At the office, we're shackled by this bizarre need for Outlook calendar synchronization. My supervisor is under the impression that the users would never accept a calendar program other than Outlook - I can't really understand this, but the demand was made, and Outlook calendars it was.

Of course, Exchange + Win 2k3 Server + 50 CALs is incredibly expensive, far beyond the company's budget. So we ended up with SuSE OpenExchange 4.1, which we picked up on the cheap ($900).

OpenExchange is a pretty solid product, but the "Outlook Synchronization" is far from stellar. The system has a pretty nice (but closed source) webmail/calendar interface, and comes stock with webdav, spamassassin, postfix, cyrus, and several other useful packages to run out of the box. User accounts are stored in LDAP (ah, my good friend LDAP), address books and schedules are stored in Postgres. The "synchronization" with Outlook is accomplished via a client-side webdav connector, which uses DAV to synchronize a user's address book and contact list periodically.

The server that runs OpenExchange is a dual P2-600 with 512 MB of RAM, using 3 drive RAID5. I thought the system would be plenty beefy for a mailserver (it wasn't like I could convince them to get better anyway), but I was surprised to see consistantly high CPU usage and memory leaks that bit deep into the swap space. By my estimates, if I leave the box running for 3 months it will require a reboot.

The big problem with OpenExchange is that it's more of an appliance than a real system. It's designed to be administered almost exclusively via the web interface and YaST2, neither of which really give me the raw flexibility I desire. OpenExchange also has a per-user licensing scheme that reminds me of Microsoft - you have unlimited IMAP/POP connections, but for $900 the groupware component only allows for 10 concurrent connections. It also suffers from feature creep - the system does way more than it needs to for 99% of the users (it can even act as a Samba 2 PDC - who the hell would want that at this point?).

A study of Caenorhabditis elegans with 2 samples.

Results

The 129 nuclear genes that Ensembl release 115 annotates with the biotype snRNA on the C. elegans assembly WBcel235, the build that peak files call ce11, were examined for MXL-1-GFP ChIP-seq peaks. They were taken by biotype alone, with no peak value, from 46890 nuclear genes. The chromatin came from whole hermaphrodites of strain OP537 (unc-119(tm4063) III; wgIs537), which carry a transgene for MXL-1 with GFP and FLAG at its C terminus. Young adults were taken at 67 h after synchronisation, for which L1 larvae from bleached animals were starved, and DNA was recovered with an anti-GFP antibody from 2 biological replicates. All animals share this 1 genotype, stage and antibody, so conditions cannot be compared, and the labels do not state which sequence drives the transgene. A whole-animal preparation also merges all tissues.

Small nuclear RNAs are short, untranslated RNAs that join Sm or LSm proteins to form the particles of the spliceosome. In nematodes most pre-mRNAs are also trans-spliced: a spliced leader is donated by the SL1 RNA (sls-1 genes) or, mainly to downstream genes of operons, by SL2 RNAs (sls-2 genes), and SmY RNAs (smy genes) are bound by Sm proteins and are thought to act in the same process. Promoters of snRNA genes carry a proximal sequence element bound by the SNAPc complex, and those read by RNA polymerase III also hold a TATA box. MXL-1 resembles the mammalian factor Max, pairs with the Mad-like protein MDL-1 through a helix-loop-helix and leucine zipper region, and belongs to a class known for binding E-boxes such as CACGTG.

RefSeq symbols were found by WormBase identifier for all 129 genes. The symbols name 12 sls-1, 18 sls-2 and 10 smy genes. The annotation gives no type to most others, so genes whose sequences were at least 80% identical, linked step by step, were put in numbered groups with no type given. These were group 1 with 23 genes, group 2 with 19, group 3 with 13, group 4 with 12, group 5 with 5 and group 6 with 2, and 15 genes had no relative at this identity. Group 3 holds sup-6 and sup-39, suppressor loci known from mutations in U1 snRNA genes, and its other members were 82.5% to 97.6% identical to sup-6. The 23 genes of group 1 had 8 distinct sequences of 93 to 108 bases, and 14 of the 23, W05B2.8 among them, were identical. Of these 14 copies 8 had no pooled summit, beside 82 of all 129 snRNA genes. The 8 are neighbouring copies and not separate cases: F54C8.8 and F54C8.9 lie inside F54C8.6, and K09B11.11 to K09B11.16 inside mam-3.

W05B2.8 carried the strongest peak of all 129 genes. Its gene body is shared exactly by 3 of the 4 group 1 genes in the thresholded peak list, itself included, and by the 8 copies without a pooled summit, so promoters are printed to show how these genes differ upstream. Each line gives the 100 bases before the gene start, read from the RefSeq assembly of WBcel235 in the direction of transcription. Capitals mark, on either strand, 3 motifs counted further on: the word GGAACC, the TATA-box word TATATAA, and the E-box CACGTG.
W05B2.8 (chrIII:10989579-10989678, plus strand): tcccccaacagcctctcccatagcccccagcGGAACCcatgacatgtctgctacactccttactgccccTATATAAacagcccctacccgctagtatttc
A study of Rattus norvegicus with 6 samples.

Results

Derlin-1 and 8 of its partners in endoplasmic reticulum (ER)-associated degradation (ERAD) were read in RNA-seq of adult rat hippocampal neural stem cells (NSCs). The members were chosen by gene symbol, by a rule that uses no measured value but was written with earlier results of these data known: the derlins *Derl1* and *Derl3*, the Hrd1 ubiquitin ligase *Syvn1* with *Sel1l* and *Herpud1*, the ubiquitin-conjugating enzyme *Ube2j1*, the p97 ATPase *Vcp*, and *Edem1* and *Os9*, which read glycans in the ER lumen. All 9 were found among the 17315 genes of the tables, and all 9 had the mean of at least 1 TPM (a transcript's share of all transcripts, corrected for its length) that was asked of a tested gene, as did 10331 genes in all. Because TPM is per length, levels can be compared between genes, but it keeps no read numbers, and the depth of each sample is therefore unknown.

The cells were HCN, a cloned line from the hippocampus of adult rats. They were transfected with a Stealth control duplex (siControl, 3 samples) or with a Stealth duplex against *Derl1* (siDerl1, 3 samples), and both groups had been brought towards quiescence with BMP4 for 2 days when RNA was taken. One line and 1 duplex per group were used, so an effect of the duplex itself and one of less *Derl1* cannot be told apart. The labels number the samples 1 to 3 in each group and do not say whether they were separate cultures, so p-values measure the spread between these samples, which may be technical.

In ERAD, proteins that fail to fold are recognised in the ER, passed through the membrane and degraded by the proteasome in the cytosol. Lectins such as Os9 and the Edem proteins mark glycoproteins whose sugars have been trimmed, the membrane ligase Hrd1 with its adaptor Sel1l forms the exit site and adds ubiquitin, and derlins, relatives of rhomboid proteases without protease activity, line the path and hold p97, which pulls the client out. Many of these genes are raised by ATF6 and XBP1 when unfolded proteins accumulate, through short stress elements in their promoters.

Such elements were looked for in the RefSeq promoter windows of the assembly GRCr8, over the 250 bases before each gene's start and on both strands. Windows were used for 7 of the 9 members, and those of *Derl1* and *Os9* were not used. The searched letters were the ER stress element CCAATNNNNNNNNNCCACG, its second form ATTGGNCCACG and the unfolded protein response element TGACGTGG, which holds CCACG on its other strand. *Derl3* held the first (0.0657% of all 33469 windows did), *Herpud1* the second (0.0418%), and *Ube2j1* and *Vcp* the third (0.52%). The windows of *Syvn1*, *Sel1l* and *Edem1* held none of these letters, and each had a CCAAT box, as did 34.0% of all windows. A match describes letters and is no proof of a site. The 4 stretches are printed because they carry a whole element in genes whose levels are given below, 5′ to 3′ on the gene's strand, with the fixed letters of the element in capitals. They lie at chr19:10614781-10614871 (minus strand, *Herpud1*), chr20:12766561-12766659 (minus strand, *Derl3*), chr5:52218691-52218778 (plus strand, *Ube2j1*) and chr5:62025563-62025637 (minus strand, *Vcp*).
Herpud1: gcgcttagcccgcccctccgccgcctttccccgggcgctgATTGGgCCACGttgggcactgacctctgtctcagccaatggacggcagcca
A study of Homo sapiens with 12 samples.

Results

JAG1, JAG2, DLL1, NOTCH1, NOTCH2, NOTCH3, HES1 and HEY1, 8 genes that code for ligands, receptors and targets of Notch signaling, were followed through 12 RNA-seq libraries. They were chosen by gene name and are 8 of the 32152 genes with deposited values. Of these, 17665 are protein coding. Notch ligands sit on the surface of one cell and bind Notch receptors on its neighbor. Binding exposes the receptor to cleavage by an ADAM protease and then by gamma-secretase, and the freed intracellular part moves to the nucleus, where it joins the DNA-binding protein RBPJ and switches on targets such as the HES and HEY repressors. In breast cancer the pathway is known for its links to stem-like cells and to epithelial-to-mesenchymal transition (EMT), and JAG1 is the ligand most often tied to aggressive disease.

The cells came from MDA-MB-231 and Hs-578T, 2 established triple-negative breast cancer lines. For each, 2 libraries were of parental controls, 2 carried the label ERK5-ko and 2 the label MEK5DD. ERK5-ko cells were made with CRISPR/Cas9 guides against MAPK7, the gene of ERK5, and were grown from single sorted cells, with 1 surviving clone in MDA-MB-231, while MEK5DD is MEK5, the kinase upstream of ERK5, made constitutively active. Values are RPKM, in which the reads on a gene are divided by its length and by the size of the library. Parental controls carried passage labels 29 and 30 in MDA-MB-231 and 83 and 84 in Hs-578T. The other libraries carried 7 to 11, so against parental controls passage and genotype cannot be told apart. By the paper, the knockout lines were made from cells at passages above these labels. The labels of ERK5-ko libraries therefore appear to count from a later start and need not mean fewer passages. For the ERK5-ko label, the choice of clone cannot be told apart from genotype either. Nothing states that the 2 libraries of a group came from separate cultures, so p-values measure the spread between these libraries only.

I feel like the OpenExchange box is some Linux bastard child, and Outlook is evil incarnate, but I'm simply unable to do anything about either situation.

At any rate, at home I'm using a much preferable solution - exim, amavis, spamassassin, clamav, Courier IMAP, and squirrelmail.

Spamassassin and clamav work swimmingly, flagging all of the garbage mail and punting it back to exim via amavis. Exim delivers it on to the user, but a few lines in my ~/.forward file on the server enabled me to dump viruses/spam/etc directly into special IMAP mailboxes. Aside from the obvious advantages for organization, this gives you the chance to use sa-learn on your Maildir folders, which increases the effectiveness of spamassassin.

I then normally check my mail via the exceptional Mozilla Thunderbird, connecting to Courier IMAP over SSL and using smtp-auth with TLS for sending remotely. In the event that I don't have access to Thunderbird, I use Squirrelmail as a completely unimpressive but totally functional webmail client over http SSL.

This stuff all works so wondefully, I'm only left wishing I could use it at work. Ah well.


sm @ Thu Jul 14 07:11:00 -0400 2005


just wanted to let you know that work on better SM - outlook integration is underway with both the Shared Calendars plugin and a VBscript (http://www.graae.net/utility/outsync.htm).